Barmby Moor – St Catherine’s
About this churchyard
St Catherine’s, in Barmby Moor, is said to be the largest churchyard in East Yorkshire, certainly it is very large (2.5 acres or 1 hectare). It has been managed for wildlife since the mid 1990s when the then vicar, Canon Val Hewetson, a botany graduate, noticed wildflowers flowering in between mowings. Fast forward to the 2020s, the churchyard has a range of mowing regimes – to allow the wildflowers to continue to thrive and provide a habitat for small mammals, insects and other small creatures.
The areas of modern graves are mown approximately once a fortnight in the growing season to provide ready access to visiting families. The wildlife area in the South of the churchyard, is on land too damp to be used for burials. The area can be divided in to three parts. One part is never mown but has briers etc removed. The other two areas are mown on alternate years with the cuttings removed. The network of paths and the area near the main door are mown weekly and scarified occasionally by volunteers to provide easy access for visitors to parts of the churchyard. The remaining areas are left to grow long and cut on a two year cycle with the cuttings removed by volunteers.
Within the churchyard are war graves from WWII, of fallen airmen from Pocklington Aerodrome. There is also an interesting standing stone, called the Wart Stone. Standing approximately 5 feet high, you can find it near the main door.
The best time to visit is in spring and summer, when cowslips and snakes head fritillaries flourish, followed by oxeye daisies, red campion and pignut. Later still, field and devil’s bit scabious flower, as does betony. On sunny days common grassland butterflies can be seen.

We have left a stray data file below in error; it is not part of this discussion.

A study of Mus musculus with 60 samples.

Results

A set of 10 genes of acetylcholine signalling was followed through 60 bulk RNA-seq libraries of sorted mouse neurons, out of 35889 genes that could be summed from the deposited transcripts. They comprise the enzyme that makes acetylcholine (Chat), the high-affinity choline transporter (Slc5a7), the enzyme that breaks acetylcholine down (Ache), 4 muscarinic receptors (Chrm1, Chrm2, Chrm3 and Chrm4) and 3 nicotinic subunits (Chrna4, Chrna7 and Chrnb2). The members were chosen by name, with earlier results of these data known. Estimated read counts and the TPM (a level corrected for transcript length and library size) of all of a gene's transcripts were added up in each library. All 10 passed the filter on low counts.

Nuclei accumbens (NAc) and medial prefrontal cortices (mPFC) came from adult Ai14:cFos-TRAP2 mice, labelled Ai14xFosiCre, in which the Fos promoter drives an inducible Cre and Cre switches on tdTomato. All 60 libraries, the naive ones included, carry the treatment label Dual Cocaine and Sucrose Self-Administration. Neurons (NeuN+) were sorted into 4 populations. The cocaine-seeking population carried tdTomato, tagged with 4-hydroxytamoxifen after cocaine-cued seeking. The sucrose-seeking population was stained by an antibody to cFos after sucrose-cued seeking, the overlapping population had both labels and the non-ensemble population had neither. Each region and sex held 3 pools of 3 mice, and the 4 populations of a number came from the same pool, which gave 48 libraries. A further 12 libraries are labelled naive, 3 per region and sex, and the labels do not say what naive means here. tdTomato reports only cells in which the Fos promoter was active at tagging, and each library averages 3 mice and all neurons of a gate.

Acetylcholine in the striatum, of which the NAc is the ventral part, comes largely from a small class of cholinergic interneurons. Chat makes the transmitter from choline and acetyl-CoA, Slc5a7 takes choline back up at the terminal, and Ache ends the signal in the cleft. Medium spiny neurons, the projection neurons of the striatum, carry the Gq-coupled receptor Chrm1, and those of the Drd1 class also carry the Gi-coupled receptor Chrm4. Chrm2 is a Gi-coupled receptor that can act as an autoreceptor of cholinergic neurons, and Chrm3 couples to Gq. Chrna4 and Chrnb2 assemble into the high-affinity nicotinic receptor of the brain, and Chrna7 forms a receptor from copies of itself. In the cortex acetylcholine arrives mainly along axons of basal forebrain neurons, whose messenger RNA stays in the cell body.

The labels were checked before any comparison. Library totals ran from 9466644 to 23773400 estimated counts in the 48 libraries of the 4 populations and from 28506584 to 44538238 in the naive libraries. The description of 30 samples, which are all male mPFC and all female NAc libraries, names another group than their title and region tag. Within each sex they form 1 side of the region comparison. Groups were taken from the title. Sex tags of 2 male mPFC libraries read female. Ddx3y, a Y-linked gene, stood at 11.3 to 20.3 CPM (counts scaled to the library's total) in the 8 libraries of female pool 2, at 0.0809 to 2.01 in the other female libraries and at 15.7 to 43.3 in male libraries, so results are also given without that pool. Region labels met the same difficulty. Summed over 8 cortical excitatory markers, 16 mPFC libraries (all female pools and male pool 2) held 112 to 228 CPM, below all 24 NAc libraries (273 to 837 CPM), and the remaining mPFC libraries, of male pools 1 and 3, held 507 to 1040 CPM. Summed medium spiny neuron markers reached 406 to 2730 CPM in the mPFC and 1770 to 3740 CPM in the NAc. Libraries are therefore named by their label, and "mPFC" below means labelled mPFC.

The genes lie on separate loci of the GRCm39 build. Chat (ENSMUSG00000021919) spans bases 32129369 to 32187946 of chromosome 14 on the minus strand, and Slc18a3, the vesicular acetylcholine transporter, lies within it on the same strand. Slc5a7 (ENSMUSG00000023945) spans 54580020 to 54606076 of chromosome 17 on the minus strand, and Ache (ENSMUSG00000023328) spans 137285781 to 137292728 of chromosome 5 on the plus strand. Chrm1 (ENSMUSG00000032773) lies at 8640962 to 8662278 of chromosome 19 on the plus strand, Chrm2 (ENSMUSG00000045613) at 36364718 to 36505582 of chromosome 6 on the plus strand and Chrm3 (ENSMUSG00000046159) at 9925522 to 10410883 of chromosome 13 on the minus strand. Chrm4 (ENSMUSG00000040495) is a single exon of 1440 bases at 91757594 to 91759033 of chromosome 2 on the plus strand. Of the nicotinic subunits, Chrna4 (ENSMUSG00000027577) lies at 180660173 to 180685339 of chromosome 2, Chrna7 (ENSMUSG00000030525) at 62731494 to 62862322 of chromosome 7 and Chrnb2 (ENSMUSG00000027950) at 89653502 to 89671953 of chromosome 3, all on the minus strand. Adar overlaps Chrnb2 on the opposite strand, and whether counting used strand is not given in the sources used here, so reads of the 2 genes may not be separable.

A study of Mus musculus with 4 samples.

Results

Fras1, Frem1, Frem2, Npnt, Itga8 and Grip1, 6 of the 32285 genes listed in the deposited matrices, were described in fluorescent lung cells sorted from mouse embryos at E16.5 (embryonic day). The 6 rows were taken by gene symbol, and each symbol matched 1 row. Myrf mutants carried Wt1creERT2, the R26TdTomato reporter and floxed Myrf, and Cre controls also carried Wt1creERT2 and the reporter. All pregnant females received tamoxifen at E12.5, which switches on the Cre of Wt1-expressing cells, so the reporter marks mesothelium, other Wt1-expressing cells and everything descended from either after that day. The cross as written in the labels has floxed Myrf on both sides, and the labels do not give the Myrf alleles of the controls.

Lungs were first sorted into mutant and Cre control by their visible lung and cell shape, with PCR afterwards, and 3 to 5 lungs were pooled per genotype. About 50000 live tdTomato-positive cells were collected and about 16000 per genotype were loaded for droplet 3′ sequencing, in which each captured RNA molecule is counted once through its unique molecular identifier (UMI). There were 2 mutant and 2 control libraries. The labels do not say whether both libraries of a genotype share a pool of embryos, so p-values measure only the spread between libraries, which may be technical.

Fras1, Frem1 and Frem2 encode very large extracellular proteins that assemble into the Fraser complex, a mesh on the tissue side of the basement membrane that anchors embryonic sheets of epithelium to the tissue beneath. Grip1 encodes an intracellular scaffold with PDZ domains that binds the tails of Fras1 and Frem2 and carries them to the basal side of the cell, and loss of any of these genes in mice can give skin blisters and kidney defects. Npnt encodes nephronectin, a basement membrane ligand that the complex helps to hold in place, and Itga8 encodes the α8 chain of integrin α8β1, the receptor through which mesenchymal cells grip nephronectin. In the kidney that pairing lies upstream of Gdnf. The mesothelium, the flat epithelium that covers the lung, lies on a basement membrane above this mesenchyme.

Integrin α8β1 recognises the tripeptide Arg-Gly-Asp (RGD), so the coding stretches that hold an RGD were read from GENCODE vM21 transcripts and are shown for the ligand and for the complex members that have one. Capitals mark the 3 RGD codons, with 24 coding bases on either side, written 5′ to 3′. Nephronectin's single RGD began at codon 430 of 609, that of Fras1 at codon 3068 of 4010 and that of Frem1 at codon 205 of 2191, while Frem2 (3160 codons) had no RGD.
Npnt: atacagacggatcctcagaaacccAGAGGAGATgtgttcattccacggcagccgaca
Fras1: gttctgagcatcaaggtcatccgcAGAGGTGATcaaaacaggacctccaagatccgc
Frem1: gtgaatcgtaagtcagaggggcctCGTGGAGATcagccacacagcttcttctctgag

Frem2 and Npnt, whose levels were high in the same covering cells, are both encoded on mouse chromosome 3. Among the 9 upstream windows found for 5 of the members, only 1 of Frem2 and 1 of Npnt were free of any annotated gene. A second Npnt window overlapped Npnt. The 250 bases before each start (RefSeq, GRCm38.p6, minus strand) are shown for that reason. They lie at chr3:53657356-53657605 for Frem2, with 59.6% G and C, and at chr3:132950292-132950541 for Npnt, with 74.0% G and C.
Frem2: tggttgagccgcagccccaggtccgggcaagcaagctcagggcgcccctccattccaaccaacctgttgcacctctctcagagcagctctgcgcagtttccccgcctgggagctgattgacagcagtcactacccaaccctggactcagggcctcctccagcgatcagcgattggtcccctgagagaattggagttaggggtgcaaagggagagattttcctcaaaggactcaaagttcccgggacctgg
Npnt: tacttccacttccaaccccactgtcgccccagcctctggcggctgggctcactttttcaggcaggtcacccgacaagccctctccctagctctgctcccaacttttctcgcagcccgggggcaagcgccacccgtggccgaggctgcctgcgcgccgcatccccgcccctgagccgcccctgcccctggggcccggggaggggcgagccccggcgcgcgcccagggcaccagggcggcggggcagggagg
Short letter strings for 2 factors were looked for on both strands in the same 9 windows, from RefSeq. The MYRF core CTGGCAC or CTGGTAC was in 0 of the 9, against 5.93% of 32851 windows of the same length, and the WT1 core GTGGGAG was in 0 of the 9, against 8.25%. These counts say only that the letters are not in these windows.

All the trees have been catalogued; there are more than 50 in the churchyard.
The church provides two free treasure trails, available in the entrance. The one for younger children (aged 8 – 10) includes outdoor activities and things to find the churchyard.
On the south side of the churchyard, is a shallow beck where water shrew and the occasional kingfisher can be seen. Following the beck, a short distance on tarmac paths, brings you to St Catherine’s sister wildlife area on Beckside. Three species of wild native orchid flower there in June. This area is open access and part of the village greens.
Other areas in the wider village are maintained as corridors for pollinators, planted with both wild and cultivated plants. There is a snicket on Manor Garth, a border on Flat Lane and a patch of ground at the back of the Old School that can be viewed from the verge. All are a riot of colour and pollinators in summer and worth seeing if time allows.
- Wildflower area
- Wildlife haven
- Peaceful space for quiet reflection
- Lichen haven
- Good accessibility
- Stones with stories
- Good accessibility
- Churchyard cross
- Commonwealth war graves
Churchyard – open all the time.
The church is unlocked every day between the hours of 9 am and 4 pm or dusk if earlier.
The churchyard is on a shallow incline from North to South. Three tarmac paths give access from the gates to the main door. Grass paths exist as a network around the churchyard to the Commonwealth war graves and the wild areas. These are generally level, wide enough for a wheelchair and are closely mown to make access as easy as it can be.
On Site Information
An interpretation board near the South gate. Low enough for children and wheelchair users to read. There is a children’s treasure trail pamphlet available in the entrance. It includes things to find in both the church building and the churchyard.
There are two toilets in church, one has disabled access. Both may be reached using the disabled access to the church – a short, paved path to a door on the West side of the church. An alternative entrance is by two shallow steps at the main door which also gives access to both toilets.
Two wooden benches, one on the south side near the main door and one on the North side. A third is planned to be installed near the cremated remains area in 2022.
Parking & Transport
No formal parking but plenty of space to park on the roads on three sides of the churchyard.
Request stops nearby on the B1246 for the EYMS service from York to Bridlington – routes 45 and 46.
The Boot and Slipper public house serves food in the village. Saturday morning coffee served in St Catherine’s on the first and third Saturdays of the month from 10:30 to 12:30. Various cafes, pubs and restaurants in Pocklington, 2 miles away (market day on a Tuesday).